If I counted up all the half hours I have arrived early for things, I would probably find that I have spent a year of my life waiting. 365 days of lurking awkwardly outside cafés and buildings checking my watch and waiting for it to tick down to an acceptable 10 minutes of earliness.
Today was definitely a day to live by my mantra that arriving 30 minutes early is far better than arriving 30 minutes late. It was also a day for my lucky red heels.
Today was my first day of two weeks work experience at the Guardian’s fashion desk.
Of all the offices I have waited outside, the Guardian HQ was by far the swishest. And as I discovered when the 10 minute mark eventually arrived and the escalator carried me into the belly of the building, it is also the biggest. In fact, it is huge.
You can tell a lot about a company by its reception; the way they choose to welcome you always seems to me to convey (or at least attempt to convey) certain important messages. So what about the Guardian? Two friendly receptionists in black dresses and matching green cardigans (mere coincidence, or a uniform acting as a reminder of ‘green’ credentials?), spacious landing and scattering of colourful chairs that looked like open mouths ready to envelope you in a kiss. So far, so good.
Despite being sat in a kiss, I was nervous. I have got quite good at tricking myself into feeling confident. Most of the time when the nervous Libby inside me gives a little shout I just ignore her. Sometimes, however, she is so insistent on being noticed that she gives a little dance that sends my stomach jittering.
My nerves were calmed somewhat when I was met by Sara, one of the fashion team who was all smiles and friendly chatter. As she brought me up to the fashion department she showed me around the building. Yes, it may have been my first day of work experience, but my mind was already wandering as I imagined myself working in the modern and dynamic hub of a building. Everything felt fresh and bright and (what appealed most to the Monica inside of me) organised.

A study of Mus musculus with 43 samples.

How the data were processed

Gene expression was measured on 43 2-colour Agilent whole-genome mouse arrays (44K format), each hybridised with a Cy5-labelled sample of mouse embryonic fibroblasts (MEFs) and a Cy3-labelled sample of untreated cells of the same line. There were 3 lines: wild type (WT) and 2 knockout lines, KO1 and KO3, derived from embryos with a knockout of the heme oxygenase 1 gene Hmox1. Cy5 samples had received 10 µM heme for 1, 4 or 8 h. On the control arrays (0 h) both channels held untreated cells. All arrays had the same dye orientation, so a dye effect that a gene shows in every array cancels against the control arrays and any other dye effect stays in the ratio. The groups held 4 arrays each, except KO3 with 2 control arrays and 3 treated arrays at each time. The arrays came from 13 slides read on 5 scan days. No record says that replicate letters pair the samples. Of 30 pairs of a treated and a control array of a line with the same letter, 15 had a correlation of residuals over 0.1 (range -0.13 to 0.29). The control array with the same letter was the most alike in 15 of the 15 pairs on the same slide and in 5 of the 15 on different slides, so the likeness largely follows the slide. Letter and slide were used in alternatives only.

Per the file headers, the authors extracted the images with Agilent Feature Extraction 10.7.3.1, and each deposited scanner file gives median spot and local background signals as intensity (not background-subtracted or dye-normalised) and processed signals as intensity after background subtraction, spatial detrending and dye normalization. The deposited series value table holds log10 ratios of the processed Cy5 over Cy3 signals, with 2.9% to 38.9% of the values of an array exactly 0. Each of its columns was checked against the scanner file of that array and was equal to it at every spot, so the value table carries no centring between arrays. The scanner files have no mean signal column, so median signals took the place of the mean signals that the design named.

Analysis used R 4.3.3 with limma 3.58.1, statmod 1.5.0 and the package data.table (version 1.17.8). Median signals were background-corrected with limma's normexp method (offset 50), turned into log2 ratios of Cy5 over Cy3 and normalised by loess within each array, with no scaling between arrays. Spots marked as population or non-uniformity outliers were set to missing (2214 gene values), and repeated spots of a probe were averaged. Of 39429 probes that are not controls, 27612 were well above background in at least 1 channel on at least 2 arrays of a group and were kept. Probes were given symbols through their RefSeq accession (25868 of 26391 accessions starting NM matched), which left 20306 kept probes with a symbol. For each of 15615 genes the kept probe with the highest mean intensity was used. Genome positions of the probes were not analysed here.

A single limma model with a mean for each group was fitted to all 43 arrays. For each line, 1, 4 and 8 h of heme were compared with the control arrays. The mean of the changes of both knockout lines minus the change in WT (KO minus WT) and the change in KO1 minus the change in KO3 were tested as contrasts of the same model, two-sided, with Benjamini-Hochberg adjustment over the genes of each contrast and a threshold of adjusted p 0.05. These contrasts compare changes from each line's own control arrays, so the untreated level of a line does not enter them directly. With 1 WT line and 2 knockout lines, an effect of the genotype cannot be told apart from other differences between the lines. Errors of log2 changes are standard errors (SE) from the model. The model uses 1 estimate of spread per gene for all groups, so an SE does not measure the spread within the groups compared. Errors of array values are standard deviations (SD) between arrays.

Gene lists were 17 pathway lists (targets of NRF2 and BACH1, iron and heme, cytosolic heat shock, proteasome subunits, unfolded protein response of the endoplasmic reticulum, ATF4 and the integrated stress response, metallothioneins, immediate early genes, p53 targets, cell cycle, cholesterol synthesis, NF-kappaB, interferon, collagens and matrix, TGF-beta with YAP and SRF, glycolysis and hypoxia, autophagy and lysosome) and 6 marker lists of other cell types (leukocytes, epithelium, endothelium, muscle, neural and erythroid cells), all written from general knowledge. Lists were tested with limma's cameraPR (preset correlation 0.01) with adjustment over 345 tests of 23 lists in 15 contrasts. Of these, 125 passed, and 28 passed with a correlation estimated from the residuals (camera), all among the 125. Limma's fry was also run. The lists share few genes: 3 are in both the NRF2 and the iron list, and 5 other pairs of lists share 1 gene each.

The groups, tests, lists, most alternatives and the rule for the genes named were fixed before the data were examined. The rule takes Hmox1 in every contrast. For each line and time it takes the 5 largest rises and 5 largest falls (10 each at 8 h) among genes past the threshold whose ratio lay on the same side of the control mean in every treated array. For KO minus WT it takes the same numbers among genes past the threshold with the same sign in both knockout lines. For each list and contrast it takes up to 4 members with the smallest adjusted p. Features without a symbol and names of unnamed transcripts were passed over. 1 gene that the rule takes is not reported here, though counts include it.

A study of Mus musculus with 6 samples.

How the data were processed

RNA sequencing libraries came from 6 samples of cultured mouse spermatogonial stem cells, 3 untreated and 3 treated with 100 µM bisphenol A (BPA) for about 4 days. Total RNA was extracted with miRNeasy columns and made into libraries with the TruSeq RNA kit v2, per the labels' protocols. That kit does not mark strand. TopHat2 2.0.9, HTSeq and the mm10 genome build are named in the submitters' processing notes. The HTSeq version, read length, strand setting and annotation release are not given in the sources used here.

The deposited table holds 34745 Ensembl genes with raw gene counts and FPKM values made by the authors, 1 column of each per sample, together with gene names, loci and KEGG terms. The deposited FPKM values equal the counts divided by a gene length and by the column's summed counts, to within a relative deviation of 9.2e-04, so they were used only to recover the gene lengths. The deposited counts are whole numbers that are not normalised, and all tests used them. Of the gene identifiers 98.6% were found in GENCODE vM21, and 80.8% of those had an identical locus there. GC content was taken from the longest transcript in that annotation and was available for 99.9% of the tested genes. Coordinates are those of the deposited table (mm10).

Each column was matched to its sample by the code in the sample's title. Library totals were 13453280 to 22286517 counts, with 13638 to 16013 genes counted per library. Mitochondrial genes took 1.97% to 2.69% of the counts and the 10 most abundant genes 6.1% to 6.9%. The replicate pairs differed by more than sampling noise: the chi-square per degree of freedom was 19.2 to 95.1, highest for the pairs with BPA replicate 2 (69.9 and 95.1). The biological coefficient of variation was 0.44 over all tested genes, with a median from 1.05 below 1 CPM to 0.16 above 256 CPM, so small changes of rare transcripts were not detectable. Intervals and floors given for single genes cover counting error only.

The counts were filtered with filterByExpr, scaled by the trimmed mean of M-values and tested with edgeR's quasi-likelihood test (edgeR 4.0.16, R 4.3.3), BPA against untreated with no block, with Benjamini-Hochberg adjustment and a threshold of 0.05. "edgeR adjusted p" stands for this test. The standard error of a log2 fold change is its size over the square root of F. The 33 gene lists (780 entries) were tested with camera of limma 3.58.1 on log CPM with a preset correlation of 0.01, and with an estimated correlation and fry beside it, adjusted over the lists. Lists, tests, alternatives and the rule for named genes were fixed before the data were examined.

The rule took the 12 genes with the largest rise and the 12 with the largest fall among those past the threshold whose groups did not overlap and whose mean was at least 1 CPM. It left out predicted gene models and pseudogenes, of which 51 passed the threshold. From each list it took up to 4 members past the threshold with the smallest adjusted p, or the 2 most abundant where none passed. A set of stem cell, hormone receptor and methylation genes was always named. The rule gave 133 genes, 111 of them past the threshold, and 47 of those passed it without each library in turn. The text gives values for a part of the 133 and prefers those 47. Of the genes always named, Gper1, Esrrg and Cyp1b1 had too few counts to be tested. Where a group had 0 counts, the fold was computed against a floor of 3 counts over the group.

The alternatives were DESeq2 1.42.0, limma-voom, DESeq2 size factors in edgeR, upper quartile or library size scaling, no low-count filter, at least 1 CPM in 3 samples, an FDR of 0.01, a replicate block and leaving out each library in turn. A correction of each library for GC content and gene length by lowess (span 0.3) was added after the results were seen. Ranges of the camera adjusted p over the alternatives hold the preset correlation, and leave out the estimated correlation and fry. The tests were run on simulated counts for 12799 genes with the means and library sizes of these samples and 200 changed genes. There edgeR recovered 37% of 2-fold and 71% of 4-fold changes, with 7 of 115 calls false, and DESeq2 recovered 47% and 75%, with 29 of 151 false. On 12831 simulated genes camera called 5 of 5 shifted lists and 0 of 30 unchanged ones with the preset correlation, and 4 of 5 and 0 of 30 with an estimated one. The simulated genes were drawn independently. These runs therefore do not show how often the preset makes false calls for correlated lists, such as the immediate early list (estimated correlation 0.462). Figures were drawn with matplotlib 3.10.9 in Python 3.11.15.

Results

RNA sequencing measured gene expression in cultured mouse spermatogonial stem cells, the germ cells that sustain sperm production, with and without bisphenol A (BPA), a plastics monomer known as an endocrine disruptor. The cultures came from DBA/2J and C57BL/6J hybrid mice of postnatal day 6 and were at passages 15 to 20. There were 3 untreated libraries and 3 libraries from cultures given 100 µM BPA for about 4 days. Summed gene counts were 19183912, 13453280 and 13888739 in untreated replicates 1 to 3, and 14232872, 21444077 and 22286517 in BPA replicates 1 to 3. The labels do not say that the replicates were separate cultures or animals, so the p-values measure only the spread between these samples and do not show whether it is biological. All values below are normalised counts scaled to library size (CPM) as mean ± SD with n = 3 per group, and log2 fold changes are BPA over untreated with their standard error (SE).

After arriving on the third floor and being led past coffee stations (“Help yourself!”) and through the open plan office, I met the rest of the team; equally as friendly and thankfully down to earth.
I was sat at the desk of one of the fashion editors who was away, and spent the morning cutting fashion stories out of newspapers and organising look books. In the afternoon the team were heading out of the office and I was to go with them to a very familiar destination: Selfridge’s.
The lowest floor of the department store is currently home to the Oxfam Curiosity Shop, a vintage den with a difference. As well as the usual silk scarves and printed jumpers raided from Granny’s wardrobe you can also find vintage with a special twist. Next to one colourful rail stood a faded and love-worn aviator jacket. Not so unusual for a vintage pop-up shop. It was only on closer inspection that I noticed the tag: “first worn and loved by Colin Firth.” Next to the jacket: a dinky dress donated by Kylie Minogue. Celebrities from Helen Mirren to Scarlett Johansson have given items of clothing to the pop up shop, items which are all on sale to raise money for Oxfam.
As part of the event various newspapers and magazines are getting involved, styling several outfits for a ‘Style Off’ that will take place on the Oxfam website, votes being taken for the favourite looks.
Watching and assisting as the fashion team scoured the rails was a great learning experience. It was particularly interesting to watch them work and compare it to my time at Cosmopolitan; just from looking at the outfits laid out and by listening to them make their decisions it was clear that these were outfits Guardian style. Fashion or no fashion that is perhaps the main thing I took from day 1 at the Guardian: a good journalist has to know their reader inside out and back to front.
It was interesting to see Selfridge’s behind the scenes (“Selfridge’s: Uncut”). At one point we were taken down into the depths of the store to a basement housing additional stock. What a contrast to the bright shop floor thronging with Chanel bag toting fashion darlings and a battalion of shop assistants spritzing perfume and brandishing hair straigtheners. Because beneath the pussy bows and perfume this is fashion: one of the world’s largest industries chugging away in offices, factories, workshops and basements. In an industry built on dreams it is best to keep that quiet. The basement is fashion’s best kept secret.
An interesting Day 1 at Guardian HQ.